Attosecond laser lab under construction in Sweden

30 Sep 2016

László Veisz and colleagues move cutting-edge system from Max Planck Institute in Garching to Umeå University.

A cutting-edge ultrafast laser system that it is hoped will be capable of producing intense attosecond pulses is under construction at a new laboratory at Umeå University in Sweden.

Researcher László Veisz and his team are in the process of re-starting and upgrading the system, after it was transferred from its previous home at the renowned Max Planck Institute of Quantum Optics (MPQ) in Garching, Germany, earlier this year.

“We are intensely working to re-start the laser and two experiments,” Veisz told optics.org. “I expect that it needs 12 months (we moved end of March). Some parts are already working, but we also spend a lot of time to improve the system not just re-start [it].”

100 attosecond pulses
The key goal at the new location, where Veisz has been joined by four members of the Garching team, is to generate intense attosecond pulses of extreme ultraviolet (XUV) light, as well as electron “bunches”.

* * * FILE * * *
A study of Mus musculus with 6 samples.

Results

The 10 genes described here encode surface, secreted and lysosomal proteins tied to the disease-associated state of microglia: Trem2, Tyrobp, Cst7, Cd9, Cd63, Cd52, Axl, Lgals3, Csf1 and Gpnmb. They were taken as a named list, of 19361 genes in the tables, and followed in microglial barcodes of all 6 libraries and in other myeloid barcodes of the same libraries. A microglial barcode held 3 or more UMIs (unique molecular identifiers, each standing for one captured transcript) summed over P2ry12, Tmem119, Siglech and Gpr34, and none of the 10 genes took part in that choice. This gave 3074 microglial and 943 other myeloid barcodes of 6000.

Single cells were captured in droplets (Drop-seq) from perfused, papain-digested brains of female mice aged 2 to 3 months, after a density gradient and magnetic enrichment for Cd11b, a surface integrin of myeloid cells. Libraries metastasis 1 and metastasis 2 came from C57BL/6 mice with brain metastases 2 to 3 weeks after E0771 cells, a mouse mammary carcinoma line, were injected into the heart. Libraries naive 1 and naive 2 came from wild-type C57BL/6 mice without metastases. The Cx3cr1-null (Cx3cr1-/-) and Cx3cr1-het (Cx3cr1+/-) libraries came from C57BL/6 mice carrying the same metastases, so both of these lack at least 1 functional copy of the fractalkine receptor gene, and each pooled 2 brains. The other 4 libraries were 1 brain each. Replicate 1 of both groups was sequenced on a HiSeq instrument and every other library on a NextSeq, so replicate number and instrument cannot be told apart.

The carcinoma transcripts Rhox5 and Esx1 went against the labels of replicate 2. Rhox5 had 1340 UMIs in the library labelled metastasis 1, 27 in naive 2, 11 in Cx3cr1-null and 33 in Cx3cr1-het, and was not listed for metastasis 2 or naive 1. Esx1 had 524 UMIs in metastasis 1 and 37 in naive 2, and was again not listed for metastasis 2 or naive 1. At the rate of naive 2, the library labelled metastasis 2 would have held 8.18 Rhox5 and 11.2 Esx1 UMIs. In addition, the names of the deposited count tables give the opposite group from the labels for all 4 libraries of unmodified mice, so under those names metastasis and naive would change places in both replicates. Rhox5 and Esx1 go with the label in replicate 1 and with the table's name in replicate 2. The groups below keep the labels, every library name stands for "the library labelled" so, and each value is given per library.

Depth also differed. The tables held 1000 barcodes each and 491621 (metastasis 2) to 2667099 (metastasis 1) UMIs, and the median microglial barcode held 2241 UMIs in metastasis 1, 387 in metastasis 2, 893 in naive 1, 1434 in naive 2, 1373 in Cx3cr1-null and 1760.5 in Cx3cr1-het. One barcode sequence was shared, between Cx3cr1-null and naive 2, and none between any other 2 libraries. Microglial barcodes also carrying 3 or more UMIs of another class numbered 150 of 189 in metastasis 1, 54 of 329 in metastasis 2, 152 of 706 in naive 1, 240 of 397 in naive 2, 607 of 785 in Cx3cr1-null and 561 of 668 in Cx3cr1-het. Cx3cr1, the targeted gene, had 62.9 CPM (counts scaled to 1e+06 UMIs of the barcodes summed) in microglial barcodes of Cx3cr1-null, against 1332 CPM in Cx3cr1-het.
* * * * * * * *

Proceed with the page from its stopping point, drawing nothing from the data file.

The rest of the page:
He hopes that the unique system will make it possible to observe and control the motion of electrons in atoms, molecules, solids and plasmas. “The various experiments are aiming at [a] different kind of attosecond pulse generation from gas media or relativistic plasmas,” Veisz explained.

According to a Umeå release, two huge lorries were needed to move the various lasers, optics and vacuum chambers from Germany – the XUV pulses are generated by a large system, measuring up to 26 meters in length.

Once up and running, it should be able to deliver pulses just 100 attoseconds in duration, which is sufficiently short to observe and influence fundamental physical phenomena like the oscillation of chemical bonds.

Teams at MPQ’s Laboratory for Attosecond Physics, the Attosecond Science Laboratory in Saudi Arabia, and the Extreme Light Infrastructure-Attosecond Light Pulse Source (ELI-ALPS) currently under construction near Budapest in Hungary are all working on similar systems, with varying power and pulse repetition rates.

Veisz even thinks that it may be possible to commercialize the planned system in the future, although he admits that this is a long-term goal. “This is a big piece of hardware on an optical table with a size of many meters,” he said. “I expect also smaller developments will be interesting for commercial purposes.”

Among the scientific applications of the system he envisages are faster, light-driven electronics, investigating macromolecular structures in unprecedented detail for biomedicine, and “next-generation” temporal metrology.